The Poem

(Critical Guide to Poetry for Students)

Gary Soto’s “Black Hair” is a short poem in free verse, its thirty lines forming three equal stanzas. The opening poem of the anthology, this poem is an eight-year-old’s explanation of how he connects with baseball, through players who look like him.

“At eight I was brilliant with my body,” Soto begins, describing the innocence and bravado of youth. Despite the oppressive heat of July, the speaker “sat in the bleachers” to see a “figure—Hector Moreno/ Quick and hard with turned muscles.” He comes to memorize the stance of Hector, his hero, to match it: “His crouch the one I assumed before an altar/ Of worn baseball cards, in my room.”

The reader wonders why this player, Hector, is so significant. The speaker answers in the second stanza, “I came here because I was Mexican, a stick/ Of brown light in love with those/ Who could do it.” The speaker comments on his own size, “What could I do with 50 pounds”; on a personality trait, “my shyness”; and in the next line, on a more obvious physical characteristic, “My black torch of hair.” The speaker wants to watch a player who can and does “do it,” “the triple and hard slide,/ The gloves eating balls into double plays.” He needs the role models of those—like him—who can succeed, unlike his parents. The end of this stanza abruptly shifts away from the game of baseball to the realities of this young speaker’s life. “Father was dead,” he...

(The entire section is 562 words.)

Black Hair Forms and Devices

(Critical Guide to Poetry for Students)

Beginning with the opening line, Soto immediately engages the reader by using words in unexpected ways to reinforce his meanings. The speaker says he was “brilliant.” The reader typically associates brilliance with a level of intelligence, of cognitive ability; Soto surprises the reader by using it to designate physical talent, as he does again as he begins the third stanza: “In the bleachers I was brilliant with my body.”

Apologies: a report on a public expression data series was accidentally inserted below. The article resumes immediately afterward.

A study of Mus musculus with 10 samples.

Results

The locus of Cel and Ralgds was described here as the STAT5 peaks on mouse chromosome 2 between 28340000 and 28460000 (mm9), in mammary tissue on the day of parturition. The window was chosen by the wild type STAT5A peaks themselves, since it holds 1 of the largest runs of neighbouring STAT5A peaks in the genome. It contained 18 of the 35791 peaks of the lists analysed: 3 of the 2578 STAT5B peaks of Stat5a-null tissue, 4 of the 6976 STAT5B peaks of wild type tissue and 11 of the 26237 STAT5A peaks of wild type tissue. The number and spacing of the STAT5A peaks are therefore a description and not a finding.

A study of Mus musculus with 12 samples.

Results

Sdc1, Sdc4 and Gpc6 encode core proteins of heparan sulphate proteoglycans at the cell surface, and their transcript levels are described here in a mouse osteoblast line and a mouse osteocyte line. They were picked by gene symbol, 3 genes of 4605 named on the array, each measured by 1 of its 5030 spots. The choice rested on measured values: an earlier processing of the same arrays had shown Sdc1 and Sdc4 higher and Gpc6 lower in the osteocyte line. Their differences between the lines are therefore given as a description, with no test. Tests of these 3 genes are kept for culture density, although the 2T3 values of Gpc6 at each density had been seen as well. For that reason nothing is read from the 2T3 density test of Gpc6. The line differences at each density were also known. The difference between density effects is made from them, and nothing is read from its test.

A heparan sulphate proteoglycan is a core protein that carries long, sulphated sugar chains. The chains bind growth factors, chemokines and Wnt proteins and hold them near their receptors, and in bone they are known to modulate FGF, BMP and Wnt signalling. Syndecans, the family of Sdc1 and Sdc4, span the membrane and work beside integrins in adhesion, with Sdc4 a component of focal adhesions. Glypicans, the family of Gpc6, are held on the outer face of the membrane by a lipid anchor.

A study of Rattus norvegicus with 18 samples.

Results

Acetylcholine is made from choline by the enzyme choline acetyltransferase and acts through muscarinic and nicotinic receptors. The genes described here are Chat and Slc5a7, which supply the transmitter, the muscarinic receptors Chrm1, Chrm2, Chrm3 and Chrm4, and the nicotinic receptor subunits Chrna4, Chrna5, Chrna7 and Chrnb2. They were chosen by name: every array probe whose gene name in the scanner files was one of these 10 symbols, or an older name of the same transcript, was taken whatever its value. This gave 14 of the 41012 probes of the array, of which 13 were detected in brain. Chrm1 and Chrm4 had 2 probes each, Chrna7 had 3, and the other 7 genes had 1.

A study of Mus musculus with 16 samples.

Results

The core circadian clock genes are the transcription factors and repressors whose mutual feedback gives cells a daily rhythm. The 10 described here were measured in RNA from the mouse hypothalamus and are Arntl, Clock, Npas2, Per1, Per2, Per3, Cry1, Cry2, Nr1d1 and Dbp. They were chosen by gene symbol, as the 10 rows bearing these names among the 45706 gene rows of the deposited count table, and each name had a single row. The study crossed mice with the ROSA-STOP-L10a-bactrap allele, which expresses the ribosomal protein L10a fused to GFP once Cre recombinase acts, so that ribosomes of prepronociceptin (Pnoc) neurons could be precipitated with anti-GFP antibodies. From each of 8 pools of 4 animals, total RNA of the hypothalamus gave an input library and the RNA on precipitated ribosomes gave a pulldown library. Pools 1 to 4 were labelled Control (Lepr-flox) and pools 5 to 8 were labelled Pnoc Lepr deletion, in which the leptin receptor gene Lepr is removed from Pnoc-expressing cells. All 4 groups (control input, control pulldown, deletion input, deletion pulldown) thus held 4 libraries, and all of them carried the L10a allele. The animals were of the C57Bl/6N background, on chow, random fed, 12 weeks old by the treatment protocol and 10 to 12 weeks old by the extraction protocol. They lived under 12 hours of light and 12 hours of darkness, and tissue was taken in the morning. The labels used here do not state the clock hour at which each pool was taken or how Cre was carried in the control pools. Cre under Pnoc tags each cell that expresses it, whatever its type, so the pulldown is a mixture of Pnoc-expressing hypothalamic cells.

The word “brilliant” is also often associated with describing levels of light. Soto forges a link with light imagery in using metaphor to compare the speaker to a “a stick/ Of brown light.” Color is linked with the goodness of light. Soto creates another metaphor to reinforce this connection when he states that the speaker’s hair is a “black torch,” which he fears is “about to go out” given the realities of his family life. However, Soto continues to use light imagery, with the word “flared” to describe the speaker’s vicarious rounding of the bases with Hector. Concurrently, Soto says his hair lifts “Beautifully,” in the shape of a lit torch. Despite the fact the speaker has dark hair, Soto uses it as an emblem of light, a symbol of promise, as in the first light of a new day, a symbol of tomorrow, of light that illuminates the future.

The poet squarely places the speaker at the game—“I sat in the bleachers/ Of Romain Playground”—and then uses movement to paint the setting of the...

(The entire section is 451 words.)

Black Hair Bibliography

(Masterpieces of American Literature)

Blasingame, James. “Interview with Gary Soto.” Journal of Adolescent and Adult Literacy 47 (November, 2003): 266-267.

Bruce-Novoa, Juan. “Patricide and Resurrection: Gary Soto.” In Chicano Poetry: A Response to Chaos. Austin: University of Texas Press, 1982.

Candelaria, Cordelia. Chicano Poetry. Westport, Conn.: Greenwood Press, 1986.

Cooley, Peter. “I Can Hear You Now.” Parnassus 8, no. 1 (1979): 297-311.

De la Fuentes, Patricia. “Mutability and Stasis: Images of Time in Gary Soto’s Black Hair.” American Review 16 (1988): 188-197.

Murphy, Patricia. “Inventing Lunacy: An Interview with Gary Soto.” Hayden’s Ferry Review 18 (Spring/Summer, 1996): 29-37.

Olivares, Julián. “The Streets of Gary Soto.” Latin American Literary Review 18 (January-June, 1990): 32-49.

Soto, Gary. “The Childhood Worries: Or, Why I Became a Writer.” Iowa Review 25 (Spring/Summer, 1995): 104-115.

Williamson, Alan. “In a Middle Style.” Poetry 135 (March, 1980): 348-354.